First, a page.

Review and photos by Suspsy; edited by bmathison1972
Between its knobbly head, its enormous flippers, and, of course, its noticeably humped back, the humpback whale (Megaptera novaeangliae) is quite unmistakable. I fondly remember seeing an entire pod of humpbacks on a whale watching trip with my family off the coast of Cape Cod, Massachusetts, way back when I was only four or five years old. I think it was about the only time I ever went on a boat in the ocean without getting seasick!
Released in 2009, the CollectA humpback whale is posed with its flippers swept back and its tail swaying to the left, which gives it a length of 21.5 cm and a width 11 cm wide. The main colour is very dark grey with airbrushed white on the ventral side and fins and shiny black eyes. There are also rusty brown accents highlighting the barnacle clusters on the humpback’s throat, flippers, and tail flukes. Unfortunately, these accents have been applied rather carelessly, as simple blotches over the sculpted clusters, which themselves are little more than slightly raised bumps. As a result, it looks like this humpback is suffering from rust.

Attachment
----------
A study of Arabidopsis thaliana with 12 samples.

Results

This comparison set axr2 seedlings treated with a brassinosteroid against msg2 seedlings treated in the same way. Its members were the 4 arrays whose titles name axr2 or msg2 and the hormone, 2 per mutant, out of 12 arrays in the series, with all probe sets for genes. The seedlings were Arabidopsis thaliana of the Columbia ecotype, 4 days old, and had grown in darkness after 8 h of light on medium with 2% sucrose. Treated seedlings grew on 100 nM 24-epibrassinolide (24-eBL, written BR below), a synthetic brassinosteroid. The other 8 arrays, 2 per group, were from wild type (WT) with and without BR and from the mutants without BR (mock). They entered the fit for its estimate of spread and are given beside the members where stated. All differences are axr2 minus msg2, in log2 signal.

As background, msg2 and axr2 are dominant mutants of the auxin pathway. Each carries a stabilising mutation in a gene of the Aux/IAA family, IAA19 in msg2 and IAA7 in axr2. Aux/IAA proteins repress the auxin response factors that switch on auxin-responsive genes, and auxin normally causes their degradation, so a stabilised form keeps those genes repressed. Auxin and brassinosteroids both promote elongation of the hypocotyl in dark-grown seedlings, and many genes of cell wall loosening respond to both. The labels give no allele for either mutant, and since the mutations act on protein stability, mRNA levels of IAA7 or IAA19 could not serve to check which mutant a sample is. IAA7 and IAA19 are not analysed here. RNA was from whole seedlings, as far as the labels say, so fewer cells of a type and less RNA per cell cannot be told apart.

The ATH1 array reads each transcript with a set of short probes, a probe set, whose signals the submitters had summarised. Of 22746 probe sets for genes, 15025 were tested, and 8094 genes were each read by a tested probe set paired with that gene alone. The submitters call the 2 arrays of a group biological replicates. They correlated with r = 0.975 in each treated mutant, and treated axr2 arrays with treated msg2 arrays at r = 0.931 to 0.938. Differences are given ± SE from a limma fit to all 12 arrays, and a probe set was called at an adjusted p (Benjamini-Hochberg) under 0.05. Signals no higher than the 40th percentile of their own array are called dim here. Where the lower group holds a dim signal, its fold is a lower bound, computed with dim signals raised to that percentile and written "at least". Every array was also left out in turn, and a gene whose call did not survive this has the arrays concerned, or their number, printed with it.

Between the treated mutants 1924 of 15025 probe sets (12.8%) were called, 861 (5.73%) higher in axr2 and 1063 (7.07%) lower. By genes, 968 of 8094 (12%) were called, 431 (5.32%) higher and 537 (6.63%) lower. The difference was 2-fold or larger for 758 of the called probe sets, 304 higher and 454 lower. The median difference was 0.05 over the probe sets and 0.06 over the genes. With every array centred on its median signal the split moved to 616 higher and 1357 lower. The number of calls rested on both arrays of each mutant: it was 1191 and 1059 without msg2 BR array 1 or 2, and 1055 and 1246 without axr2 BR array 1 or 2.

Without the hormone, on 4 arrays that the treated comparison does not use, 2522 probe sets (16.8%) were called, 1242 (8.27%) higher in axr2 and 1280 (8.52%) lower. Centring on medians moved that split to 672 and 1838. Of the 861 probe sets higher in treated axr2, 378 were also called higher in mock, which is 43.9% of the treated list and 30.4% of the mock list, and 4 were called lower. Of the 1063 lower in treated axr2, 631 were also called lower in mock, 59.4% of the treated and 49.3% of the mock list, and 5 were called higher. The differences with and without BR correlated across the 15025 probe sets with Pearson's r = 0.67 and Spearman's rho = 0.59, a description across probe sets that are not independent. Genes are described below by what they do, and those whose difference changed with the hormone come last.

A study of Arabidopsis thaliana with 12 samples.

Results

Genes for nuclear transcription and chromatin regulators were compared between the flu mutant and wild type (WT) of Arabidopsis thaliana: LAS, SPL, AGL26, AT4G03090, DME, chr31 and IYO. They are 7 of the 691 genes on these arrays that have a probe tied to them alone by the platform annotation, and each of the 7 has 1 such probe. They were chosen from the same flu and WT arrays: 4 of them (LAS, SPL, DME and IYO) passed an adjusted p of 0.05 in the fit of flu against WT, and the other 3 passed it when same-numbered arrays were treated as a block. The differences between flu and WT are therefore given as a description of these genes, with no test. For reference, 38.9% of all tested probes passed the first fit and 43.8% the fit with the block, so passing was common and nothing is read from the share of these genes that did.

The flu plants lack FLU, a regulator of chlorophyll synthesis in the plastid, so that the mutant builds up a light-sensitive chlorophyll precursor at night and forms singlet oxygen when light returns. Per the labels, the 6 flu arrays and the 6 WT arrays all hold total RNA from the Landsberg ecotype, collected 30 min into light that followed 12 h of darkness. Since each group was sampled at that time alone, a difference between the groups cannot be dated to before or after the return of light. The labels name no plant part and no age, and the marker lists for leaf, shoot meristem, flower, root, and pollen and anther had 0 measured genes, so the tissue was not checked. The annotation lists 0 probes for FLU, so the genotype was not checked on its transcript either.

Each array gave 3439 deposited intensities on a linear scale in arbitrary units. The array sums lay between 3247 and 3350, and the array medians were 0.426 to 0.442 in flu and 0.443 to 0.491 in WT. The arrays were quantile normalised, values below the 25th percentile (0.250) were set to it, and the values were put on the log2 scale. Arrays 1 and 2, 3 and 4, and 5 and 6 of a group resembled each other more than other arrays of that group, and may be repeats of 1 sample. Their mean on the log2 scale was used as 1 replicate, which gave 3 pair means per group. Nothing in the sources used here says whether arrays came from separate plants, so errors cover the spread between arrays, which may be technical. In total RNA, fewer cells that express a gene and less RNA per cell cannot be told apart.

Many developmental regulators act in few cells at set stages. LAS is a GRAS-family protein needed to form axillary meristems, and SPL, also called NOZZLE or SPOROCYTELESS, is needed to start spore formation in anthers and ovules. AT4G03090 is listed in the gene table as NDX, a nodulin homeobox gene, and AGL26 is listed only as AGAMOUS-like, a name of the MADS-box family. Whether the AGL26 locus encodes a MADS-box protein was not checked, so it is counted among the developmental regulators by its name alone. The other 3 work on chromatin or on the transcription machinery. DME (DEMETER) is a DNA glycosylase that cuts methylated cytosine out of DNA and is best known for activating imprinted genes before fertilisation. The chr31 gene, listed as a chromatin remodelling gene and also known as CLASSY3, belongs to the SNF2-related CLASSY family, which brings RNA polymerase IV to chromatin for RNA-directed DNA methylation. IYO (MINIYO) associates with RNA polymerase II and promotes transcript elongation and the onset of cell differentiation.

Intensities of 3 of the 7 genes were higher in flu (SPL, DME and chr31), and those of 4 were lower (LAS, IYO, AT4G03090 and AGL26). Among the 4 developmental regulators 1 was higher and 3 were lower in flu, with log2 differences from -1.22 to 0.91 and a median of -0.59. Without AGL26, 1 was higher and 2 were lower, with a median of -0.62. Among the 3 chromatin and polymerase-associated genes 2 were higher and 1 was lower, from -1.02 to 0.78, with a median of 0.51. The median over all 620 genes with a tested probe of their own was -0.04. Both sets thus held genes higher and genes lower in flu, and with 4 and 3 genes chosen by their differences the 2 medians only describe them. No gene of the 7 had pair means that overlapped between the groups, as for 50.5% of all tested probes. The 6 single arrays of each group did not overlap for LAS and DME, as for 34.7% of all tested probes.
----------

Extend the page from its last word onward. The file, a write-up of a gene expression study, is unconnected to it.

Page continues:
The humpback’s sculpting in general, however, is fairly decent. The throat in covered in numerous long grooves and there are smaller grooves scattered here and there across the body. The back features a double blowhole and a small dorsal fin atop the signature hump. The edges of the tail flukes have a rough, worn feel to them. The head features rows of knobs called tubercles, which are in fact hair follicles. Yes, as a mammal, the humpback does retain a little bit of hair. Many millions of years ago, its early ancestors such as Ambulocetus and Pakicetus were probably covered entirely in fur.
And then, of course,there are the humpback’s flippers, which are lined with thick knobs along the anterior edges and proportionally larger than any other whale’s. Not only do these flippers allow for good maneuverability, they also serve as effective weapons against the humpback’s main enemy, killer whales. Excessive barnacle growth on the flippers can even become an asset rather than a liability, as they function essentially as armour, adding even more pain and punch to any blow the humpback delivers. Humpbacks are highly gregarious and protective creatures that not only interact regularly with other whales, dolphins, and pinnipeds, but even actively defend them against killer whales. There is even a possible case of a pair of humpbacks actively guarding a human diver from a tiger shark in 2018.
Overall, I’d say that, while the CollectA humpback whale probably isn’t the very best plastic representation of its species to come along, it’s definitely a solid one that’s well worth its price tag.